U.S. swimmer allowed to compete at Paralympics


The International Paralympic Committee originally ruled after an evaluation in London on Monday that Arlen's impairment no longer fit a classification.

The U.S. Paralympic Committee launched an appeal, leading to Arlen being reassessed by the IPC. After providing information absent from the first evaluation, the IPC said in a statement Thursday that she can remain in the sport classifications in which she was entered.

However, the IPC added that the "class allocation is subject to any modification that may be made following observation in competition.''

It means Arlen will take part in the heats of the S6 400-meter freestyle on Saturday, her first event of the games.

The 17-year-old Arlen of Exeter, N.H., returned to swimming last year after a neurological virus affected her spinal cord in 2006 and left her in a vegetative state for two years. She set world records for the S6 100 and 400 in the U.S. trials this year.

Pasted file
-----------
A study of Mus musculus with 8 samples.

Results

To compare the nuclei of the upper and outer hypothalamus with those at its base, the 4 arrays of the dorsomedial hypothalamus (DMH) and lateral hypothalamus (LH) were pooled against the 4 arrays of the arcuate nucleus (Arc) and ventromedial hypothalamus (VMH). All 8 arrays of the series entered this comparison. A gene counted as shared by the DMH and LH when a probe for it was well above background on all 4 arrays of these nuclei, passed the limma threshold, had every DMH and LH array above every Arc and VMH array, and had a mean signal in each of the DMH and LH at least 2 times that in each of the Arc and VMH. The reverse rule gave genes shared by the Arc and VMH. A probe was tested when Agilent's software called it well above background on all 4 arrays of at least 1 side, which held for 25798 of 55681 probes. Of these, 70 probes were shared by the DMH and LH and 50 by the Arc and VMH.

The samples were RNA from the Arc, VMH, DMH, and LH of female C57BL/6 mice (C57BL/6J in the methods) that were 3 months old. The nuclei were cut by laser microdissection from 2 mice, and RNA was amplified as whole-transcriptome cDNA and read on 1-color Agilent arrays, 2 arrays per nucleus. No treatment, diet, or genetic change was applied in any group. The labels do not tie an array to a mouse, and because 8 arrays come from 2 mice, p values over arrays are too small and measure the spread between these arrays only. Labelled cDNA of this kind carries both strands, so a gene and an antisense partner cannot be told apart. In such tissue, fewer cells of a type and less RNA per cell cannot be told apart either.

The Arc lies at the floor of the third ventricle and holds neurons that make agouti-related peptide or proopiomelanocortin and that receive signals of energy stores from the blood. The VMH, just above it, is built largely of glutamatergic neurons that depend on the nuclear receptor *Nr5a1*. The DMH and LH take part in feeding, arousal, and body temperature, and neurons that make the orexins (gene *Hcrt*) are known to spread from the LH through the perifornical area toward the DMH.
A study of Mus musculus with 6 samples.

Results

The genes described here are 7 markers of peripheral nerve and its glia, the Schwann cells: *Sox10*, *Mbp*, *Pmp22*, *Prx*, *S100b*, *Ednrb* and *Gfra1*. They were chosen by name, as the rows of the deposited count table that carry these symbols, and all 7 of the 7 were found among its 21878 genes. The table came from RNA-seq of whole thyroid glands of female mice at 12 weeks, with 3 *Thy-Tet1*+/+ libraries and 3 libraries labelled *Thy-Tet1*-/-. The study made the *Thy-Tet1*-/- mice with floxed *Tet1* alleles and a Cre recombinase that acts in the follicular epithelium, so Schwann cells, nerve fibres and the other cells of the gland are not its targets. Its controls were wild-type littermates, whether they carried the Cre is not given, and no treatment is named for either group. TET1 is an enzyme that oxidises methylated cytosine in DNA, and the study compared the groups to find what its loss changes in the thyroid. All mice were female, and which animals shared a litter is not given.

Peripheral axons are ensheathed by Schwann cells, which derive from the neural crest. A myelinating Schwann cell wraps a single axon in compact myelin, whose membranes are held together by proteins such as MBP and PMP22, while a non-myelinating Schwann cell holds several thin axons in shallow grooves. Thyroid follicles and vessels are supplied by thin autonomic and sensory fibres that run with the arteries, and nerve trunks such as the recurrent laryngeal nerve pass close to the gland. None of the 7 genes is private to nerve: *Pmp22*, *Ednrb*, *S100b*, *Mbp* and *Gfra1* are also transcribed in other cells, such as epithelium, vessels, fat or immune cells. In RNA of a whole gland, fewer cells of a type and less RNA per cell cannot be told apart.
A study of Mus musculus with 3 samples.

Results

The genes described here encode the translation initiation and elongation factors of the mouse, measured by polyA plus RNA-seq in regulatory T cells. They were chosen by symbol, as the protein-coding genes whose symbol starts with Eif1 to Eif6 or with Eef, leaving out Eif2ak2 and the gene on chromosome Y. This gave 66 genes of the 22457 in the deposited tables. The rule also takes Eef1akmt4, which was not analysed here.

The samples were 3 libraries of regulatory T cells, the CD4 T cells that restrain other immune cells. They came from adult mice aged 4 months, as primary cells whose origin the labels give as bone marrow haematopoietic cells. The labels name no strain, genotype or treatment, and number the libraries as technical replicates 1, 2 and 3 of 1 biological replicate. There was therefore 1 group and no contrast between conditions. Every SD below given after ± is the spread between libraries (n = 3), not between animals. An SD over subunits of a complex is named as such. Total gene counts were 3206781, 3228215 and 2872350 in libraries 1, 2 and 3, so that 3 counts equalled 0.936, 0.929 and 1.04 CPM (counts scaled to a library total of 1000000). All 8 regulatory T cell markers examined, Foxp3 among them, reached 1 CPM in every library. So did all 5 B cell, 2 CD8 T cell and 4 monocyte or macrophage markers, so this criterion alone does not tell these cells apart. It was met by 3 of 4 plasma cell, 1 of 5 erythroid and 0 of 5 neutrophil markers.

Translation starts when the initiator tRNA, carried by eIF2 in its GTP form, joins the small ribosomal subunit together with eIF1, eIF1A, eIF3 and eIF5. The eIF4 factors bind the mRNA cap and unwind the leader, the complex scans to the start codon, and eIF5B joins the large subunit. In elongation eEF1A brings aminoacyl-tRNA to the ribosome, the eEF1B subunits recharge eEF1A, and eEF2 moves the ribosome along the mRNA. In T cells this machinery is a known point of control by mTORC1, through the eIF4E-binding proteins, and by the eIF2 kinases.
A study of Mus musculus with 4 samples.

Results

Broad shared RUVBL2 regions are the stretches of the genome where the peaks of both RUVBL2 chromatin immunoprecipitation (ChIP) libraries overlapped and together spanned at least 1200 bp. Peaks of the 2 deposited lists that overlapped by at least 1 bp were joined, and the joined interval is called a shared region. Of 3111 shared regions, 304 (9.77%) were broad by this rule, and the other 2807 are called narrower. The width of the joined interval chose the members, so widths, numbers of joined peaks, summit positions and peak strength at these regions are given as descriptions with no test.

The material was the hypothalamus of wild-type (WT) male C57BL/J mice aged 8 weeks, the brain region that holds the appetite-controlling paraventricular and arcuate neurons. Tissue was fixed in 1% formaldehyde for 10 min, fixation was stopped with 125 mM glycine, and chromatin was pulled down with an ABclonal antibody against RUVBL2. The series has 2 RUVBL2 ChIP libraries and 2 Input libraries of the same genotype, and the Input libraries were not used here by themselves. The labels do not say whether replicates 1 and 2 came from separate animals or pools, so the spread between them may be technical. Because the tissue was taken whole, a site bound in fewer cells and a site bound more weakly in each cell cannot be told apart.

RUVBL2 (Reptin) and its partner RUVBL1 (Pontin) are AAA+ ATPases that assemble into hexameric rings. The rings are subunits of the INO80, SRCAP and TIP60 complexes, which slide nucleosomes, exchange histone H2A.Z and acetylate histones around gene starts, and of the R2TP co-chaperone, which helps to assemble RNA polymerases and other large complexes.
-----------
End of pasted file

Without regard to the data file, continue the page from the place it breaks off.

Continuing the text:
Swimmers are allocated into classes between 1 and 14, with 1-10 containing those with a physical disability. Class 1 is the most severe and class 10 the least.

The IPC also said Thursday that 40 athletes had their classifications changed before the start of the games. Two of those are American swimmers Justin Zook and Mallory Weggemann, who have won 10 Paralympic golds between them.

The U.S. Paralympic Committee appealed the decision but it was rejected Wednesday, meaning they will have to compete against more able-bodied swimmers.

The IPC typically reclassifies athletes ahead of major championships.